You can follow these instructions to make a stocking for any theme. All you need is an old, wide scarf (the longer the better if you want to make more than one to match), another stocking to trace your pattern, sewing machine, wool and felting tools. The scarf I picked up at a local thrift store was just begging for a lumberjack design, so I went with that.
This is so easy to do, it only took me about two hours from start to finish, and that's including stopping to take photos along the way. So it would probably take you less... or more, depending on how intricate you want your design to be. Also, the foam you'll want to use needs to be small enough to fit in the finished stocking. Grab some packing foam from and cut it down to size if need-be. I had a 4x4 block sitting around and that was small enough to fit in mine.
As I mentioned, you'll want a wide scarf, those skinny ones won't do. This one is about 15 inches wide. Also, it can be most any materials except fleece or knitted. Not that you can't do it on one but they're a bit more difficult to work with. Best would be wool in my opinion, but I'm pretty sure this one is some form of flannel, not sure if cotton or polyester, or a blend. It was a bit stretchy which does make needle felting on it a little more difficult. Wool I find to be the least stretchy which makes it easier to be more precise.
You'll also need another stocking to use as your template. Since the fringe will only be on one side (and the design), you'll also want to decide which direction your stocking goes, if to the right or the left. I ended up doing mine to the left. The method I'm going to show you, the way you trace it will be the same direction the finished stocking goes, so no need to worry about doing it backwards.
If your scarf is long enough, you can make two to match! In this case you'll want to find the middle and cut it in half. To check if it's long enough, fold it in half, then fold again leaving a few inches by the fringe at the top. If your stocking template fits on the folded part (minus the fringe, as in the previous photo) it's long enough to make two.
Hem the cut end by folding over twice towards the "wrong" side, and sewing it across. I used white, contrasting stitches on mine to make it easier to see (and because it does match the white in the scarf), but you can make yours blend in.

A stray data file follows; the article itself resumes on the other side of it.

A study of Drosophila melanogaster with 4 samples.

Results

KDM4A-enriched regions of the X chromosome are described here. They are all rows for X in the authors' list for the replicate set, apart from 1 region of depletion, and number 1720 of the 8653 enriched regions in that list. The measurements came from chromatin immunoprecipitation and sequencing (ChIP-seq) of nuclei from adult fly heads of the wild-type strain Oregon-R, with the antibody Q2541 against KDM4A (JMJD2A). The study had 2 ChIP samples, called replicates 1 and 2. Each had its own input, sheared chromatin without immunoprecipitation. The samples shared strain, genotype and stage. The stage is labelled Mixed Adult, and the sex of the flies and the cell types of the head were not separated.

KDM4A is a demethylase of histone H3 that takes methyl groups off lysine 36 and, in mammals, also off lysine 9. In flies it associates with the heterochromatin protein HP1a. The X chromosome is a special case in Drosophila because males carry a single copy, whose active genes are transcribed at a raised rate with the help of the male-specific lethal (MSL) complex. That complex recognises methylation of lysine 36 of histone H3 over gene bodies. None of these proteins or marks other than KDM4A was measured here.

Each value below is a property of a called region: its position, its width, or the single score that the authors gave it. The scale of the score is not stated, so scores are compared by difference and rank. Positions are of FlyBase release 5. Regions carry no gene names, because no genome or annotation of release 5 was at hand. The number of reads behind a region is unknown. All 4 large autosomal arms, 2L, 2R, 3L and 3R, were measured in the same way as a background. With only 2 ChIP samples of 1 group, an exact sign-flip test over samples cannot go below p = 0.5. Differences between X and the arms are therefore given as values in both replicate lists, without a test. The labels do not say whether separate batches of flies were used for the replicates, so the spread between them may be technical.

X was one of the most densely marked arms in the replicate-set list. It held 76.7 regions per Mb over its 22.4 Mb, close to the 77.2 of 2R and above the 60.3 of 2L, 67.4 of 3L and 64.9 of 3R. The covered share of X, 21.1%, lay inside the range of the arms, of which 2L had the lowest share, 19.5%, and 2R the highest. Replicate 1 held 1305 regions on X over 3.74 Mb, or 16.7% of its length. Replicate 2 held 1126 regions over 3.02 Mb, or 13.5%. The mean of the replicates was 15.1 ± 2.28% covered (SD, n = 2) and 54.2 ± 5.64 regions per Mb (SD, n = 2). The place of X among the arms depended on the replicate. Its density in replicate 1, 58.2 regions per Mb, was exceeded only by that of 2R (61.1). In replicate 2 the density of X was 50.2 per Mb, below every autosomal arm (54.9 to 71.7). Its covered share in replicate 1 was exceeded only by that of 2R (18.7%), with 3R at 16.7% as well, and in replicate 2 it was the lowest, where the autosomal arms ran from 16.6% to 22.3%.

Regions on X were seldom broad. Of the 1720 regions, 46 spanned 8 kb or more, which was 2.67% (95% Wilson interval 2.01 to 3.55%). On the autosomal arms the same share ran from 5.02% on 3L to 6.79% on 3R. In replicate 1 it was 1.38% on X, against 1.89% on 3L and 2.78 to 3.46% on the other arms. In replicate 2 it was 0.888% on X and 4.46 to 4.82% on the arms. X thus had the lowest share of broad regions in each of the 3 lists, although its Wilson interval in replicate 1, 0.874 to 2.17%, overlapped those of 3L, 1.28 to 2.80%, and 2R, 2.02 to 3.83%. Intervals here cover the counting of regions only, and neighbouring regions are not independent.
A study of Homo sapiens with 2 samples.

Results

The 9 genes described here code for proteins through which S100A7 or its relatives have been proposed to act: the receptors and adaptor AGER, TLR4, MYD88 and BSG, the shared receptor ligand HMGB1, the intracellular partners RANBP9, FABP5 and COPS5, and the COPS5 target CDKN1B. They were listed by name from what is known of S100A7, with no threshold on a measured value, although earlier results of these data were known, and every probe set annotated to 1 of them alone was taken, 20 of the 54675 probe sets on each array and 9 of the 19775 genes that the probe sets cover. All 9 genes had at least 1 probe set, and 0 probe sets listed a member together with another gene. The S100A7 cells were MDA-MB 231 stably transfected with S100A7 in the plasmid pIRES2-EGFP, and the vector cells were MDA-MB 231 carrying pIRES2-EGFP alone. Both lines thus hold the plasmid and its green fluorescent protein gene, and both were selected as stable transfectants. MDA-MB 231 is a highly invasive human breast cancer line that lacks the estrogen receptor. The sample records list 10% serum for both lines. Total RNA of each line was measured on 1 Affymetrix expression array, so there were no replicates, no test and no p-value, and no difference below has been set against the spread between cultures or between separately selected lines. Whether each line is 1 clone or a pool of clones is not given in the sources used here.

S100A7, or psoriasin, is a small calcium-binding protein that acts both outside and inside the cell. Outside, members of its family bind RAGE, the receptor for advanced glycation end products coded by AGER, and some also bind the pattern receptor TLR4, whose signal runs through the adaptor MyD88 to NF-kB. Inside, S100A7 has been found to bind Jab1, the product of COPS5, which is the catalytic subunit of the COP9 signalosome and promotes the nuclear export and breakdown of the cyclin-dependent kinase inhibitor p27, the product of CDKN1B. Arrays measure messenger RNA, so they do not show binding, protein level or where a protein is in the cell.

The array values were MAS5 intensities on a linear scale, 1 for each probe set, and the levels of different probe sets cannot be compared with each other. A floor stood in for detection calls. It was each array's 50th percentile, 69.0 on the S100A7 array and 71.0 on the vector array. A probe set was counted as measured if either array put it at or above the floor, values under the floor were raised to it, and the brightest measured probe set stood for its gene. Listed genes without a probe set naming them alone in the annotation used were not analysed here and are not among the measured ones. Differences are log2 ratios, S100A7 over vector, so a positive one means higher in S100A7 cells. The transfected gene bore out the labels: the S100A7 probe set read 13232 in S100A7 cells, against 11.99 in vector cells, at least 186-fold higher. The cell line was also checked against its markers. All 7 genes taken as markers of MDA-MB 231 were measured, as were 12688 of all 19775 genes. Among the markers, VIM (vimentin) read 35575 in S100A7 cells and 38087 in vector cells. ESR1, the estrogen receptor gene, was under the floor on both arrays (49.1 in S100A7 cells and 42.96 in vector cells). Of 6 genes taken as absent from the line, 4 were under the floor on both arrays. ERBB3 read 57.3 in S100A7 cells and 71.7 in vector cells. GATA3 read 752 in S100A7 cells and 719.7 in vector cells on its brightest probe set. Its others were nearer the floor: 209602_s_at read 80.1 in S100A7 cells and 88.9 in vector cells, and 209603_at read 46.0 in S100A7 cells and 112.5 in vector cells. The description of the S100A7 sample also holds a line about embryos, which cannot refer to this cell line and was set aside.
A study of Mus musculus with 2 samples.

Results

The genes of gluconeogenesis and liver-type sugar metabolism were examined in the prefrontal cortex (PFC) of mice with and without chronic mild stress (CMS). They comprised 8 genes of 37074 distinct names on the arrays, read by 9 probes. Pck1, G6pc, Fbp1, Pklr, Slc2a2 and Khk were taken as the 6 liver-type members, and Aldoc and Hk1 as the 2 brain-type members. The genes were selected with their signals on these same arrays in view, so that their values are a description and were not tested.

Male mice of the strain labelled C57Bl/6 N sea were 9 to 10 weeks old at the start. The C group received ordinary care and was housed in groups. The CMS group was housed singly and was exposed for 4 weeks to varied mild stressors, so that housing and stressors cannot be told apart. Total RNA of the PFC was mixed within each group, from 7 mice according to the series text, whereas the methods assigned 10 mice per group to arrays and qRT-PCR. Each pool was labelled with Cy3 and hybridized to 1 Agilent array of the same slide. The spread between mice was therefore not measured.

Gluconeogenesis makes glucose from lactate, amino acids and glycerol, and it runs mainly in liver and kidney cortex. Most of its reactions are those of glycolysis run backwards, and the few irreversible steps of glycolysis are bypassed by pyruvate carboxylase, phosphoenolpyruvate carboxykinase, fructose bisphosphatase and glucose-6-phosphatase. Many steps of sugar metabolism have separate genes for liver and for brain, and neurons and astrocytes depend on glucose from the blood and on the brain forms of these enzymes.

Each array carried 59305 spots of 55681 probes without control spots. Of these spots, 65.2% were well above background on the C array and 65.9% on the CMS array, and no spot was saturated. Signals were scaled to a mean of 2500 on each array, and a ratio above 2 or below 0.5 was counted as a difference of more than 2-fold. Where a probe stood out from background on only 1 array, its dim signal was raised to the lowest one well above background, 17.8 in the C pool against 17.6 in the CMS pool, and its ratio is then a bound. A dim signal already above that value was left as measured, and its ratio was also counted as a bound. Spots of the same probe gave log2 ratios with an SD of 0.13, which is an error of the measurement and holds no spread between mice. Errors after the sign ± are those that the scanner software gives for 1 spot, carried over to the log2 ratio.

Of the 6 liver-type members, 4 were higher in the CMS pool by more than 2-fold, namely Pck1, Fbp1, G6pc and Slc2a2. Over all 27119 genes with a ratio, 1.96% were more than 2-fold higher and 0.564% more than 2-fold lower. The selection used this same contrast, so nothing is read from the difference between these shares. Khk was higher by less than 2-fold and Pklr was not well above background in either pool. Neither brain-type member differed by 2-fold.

Fold the scarf so that the wrong side is on the outside, the hemmed part on top facing you, and the fringe is in the back. Using a fabric pencil or chalk, trace your stocking on the scarf. We don't need to worry about seam allowances because you'll trim the excess after it's been stitched. If you want to modify the shape of it, do it here. You will be stitching on the line. Also, make sure it's the direction in which you want your stocking to go, not the reverse.
Before you finish pinning the two sides together, fold the fringed part on the inside so the tops line up. Hopefully you left enough space so that you can have a nice wide band at the top. That way you can embroider or needle felt the recipient's name on the band at the end. Take care to separate the fringe where you'll be stitching the seam so it doesn't get stuck in the stitches - this is why I traced the stocking first before folding down the fringe, so I could use the lines as a guide where to separate the fringe.
Take it to your sewing machine and sew along the line. I did another pass along the outside, since if this is indeed flannel, it has a habit of ripping at the seams sometimes if overstuffed, plus it'll keep the seam from fraying right up to the first line of stitches. A little extra protection never hurts. Now you can trim off the excess!
Here's the finished stocking! Actually, we're not done yet. We still need to add a loop and needle felt.
For the loop, I cut a 2"x6" strip from the excess. You might want to make it a bit wider though, because turning it inside out was a bit of a pain. Actually turning tubes inside-out is always a pain, but worse when it's skinnier. Length is good though.
Here's the tube turned inside out. Fold this in half and...
... stitch it next to the seam at the top back of the stocking on the heel. Make sure you don't stitch it on the side with the toe. I stitched a box with an X in the middle to reinforce where it's attached.
For my lumberjack design, I wanted to make a cross of axes. I debated with doing a beard/mustache at the top like a skull & crossbones. I may put a beard on the other one. Whatever the theme you're going with, do some google image searches in your theme and find a design that you like. You don't have to look at stockings themselves, anything in the Christmas theme works. I found this looking at lumberjack themed cards. First I needle felted the handles, trying to be as symmetrical as possible. I used a merino/silk blend for mine, use any wool you have on hand that works for you. Also, if you're using a stretchy material, try to keep it taut with your other hand as you're felting, otherwise it buckles a bit as you poke the wool in.
And here's the completed axe-heads! This is also when you'll want to needle felt the recipient's name at the fringed hem at the top.